Adrian Quesada of Black Pumas has announced a new album, Boleros Psicodélicos, a sprawling and singular tribute to the golden era of balada music. To celebrate the release, Quesada has shared first single, “Mentiras Con Cariño.” The album is out June 3 on ATO Records.
The brand new album from the GRAMMY-winning guitarist, producer, and Black Pumas co-founder serves as a celebration of the super funky, slightly delirious, and deeply soulful sounds that transcended the cultural boundaries of Latin America throughout the late 1960s and early 1970s. Featuring vocals from Puerto Rican icon, GRAMMY-winner and former Calle 13 member iLe, Colombian-American visionary Gabriel Garzón-Montano, Mexican R&B star Girl Ultra, as well as Angelica Garcia, Gaby Moreno, contributions from living legends such as Marc Ribot and Beastie Boys musician Money Mark, and many more, Boleros Psicodélicos consists primarily of original Adrian Quesada compositions, as well as covers of La Lupe’s “Puedes Decir De Mí,” Jeanette’s “El Muchacho De Los Ojos Tristes,” and other balada classics.
All twelve tracks were produced, engineered, mixed and largely performed by Adrian Quesada, honoring and extending the influence of a personal obsession that he has cultivated over the past 20 years.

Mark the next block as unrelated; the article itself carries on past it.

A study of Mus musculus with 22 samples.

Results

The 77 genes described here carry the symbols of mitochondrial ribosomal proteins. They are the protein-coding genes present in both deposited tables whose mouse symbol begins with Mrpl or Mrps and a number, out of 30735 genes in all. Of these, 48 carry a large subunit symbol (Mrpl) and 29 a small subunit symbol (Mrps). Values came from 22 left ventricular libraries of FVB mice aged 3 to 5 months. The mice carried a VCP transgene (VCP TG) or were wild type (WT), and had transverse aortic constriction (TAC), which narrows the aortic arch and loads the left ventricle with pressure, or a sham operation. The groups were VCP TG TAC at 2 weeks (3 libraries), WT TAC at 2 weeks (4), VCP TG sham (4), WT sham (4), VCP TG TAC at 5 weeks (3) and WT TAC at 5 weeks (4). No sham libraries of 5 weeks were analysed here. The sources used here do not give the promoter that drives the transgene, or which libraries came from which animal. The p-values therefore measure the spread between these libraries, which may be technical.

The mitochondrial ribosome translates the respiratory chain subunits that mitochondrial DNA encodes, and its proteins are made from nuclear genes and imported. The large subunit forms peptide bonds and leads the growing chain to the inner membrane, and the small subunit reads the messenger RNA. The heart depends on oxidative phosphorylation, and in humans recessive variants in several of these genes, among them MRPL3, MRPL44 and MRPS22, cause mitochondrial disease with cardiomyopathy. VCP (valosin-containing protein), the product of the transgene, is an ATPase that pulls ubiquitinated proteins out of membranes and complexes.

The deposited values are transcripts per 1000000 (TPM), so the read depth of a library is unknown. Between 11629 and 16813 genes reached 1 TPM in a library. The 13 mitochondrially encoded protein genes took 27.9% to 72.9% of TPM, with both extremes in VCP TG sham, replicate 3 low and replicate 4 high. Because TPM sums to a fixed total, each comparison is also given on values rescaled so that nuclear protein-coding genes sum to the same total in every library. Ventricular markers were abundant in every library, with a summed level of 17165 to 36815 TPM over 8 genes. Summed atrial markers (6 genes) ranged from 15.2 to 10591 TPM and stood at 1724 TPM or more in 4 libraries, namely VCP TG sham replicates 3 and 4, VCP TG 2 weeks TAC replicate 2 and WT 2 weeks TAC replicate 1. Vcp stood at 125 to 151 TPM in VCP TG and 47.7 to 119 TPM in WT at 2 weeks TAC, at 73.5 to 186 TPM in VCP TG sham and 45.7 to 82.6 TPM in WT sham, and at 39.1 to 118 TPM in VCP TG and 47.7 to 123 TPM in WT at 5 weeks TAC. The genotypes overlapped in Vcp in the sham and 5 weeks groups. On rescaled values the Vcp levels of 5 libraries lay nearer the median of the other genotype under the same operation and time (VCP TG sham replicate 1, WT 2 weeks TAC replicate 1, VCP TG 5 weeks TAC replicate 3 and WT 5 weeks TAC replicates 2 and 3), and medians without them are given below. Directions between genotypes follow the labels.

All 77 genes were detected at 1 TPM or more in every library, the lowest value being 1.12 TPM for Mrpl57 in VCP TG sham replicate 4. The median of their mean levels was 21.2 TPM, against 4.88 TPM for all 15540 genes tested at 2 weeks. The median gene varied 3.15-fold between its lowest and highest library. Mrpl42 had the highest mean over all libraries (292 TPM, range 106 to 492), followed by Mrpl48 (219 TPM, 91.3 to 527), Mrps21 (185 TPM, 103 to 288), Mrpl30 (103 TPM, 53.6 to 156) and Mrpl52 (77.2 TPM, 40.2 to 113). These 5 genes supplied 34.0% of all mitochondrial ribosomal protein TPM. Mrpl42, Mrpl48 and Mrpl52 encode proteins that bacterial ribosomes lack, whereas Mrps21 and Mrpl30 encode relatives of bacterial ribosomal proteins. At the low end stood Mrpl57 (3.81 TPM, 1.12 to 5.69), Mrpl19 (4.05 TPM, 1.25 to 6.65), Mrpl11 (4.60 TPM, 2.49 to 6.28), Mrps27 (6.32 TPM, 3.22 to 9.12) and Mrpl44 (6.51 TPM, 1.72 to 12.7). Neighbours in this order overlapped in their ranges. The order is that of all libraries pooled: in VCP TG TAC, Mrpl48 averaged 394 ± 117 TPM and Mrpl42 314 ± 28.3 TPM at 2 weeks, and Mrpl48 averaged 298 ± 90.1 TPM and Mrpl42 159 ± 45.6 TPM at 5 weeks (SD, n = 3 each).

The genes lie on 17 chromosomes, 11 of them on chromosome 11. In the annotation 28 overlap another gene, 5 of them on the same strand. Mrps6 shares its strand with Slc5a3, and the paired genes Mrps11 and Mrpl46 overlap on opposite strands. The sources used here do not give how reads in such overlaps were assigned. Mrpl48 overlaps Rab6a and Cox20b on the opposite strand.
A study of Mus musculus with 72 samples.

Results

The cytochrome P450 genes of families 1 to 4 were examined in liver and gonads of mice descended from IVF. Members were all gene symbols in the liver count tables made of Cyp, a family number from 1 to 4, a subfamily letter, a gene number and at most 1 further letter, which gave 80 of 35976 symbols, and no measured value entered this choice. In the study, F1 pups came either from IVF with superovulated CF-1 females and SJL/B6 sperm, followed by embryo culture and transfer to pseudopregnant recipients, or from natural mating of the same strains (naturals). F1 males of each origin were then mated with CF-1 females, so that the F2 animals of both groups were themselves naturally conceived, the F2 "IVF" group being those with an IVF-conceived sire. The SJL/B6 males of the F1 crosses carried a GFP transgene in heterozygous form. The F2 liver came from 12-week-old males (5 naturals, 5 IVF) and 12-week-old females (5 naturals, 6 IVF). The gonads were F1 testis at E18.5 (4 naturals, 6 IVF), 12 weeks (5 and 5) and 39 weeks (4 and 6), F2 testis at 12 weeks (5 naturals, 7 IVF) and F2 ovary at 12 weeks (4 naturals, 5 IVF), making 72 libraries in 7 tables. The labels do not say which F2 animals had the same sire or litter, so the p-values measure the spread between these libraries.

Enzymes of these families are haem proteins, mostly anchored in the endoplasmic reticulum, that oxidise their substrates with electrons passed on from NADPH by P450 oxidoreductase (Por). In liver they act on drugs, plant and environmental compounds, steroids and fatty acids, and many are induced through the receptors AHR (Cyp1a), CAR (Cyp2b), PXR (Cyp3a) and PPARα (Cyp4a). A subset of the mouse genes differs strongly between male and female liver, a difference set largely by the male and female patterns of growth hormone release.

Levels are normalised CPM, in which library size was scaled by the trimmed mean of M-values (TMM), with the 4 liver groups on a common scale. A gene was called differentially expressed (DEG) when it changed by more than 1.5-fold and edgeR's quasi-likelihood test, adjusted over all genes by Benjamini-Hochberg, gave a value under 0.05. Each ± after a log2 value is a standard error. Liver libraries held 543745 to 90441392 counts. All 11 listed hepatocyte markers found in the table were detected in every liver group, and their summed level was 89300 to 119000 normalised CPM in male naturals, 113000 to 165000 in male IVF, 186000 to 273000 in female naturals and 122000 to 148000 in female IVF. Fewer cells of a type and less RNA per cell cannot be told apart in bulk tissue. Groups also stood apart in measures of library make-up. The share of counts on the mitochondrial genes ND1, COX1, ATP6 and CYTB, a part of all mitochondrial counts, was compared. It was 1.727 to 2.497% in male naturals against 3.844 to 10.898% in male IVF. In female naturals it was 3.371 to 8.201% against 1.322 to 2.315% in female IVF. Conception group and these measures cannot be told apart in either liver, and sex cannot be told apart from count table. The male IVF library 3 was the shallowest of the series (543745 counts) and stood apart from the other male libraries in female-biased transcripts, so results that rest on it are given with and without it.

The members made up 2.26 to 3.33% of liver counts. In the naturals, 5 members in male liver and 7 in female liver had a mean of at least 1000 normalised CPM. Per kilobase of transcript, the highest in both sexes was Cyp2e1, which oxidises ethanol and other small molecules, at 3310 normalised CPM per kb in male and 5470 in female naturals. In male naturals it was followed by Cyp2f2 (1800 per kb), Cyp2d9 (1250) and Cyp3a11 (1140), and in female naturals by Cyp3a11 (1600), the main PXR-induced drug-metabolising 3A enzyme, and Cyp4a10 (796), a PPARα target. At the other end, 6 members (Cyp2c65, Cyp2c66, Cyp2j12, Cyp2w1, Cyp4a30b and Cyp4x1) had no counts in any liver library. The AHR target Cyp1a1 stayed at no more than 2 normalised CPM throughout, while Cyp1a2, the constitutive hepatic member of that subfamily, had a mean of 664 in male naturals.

On the album opener and lead single, an original song titled “Mentiras Con Cariño,” Adrian Quesada and iLe introduce Boleros Psicodélicos with a spellbinding homage and enchantingly inventive reimagination of balada’s signature elements: heartbreak backed by a heavy groove, blending the smoothness of bossa nova with the warmth of analog recording, torrid pathos with opulent instrumentation. Along with the accompanying music video, also out today, iLe and Quesada conjure a portal into the cinematic world of sound.
While Adrian Quesada grew up bilingual, living on the Texas/Mexico border city of Laredo, it was in the early 2000s during a drive around his current home of Austin when he first encountered the tripped-out, baroque, melodramatic anomaly of a Peruvian band called Los Pasteles Verdes. Their 1975 balada hit “Esclavo y Amo,” recreated with Natalia Clavier on Boleros Psicodélicos, blasted from a local AM radio station and blew Quesada’s mind. After pulling his car over in awe, he went to a record store specializing in regional Mexican music, picked up a greatest hits compilation and, in turn, a lifelong obsession took root.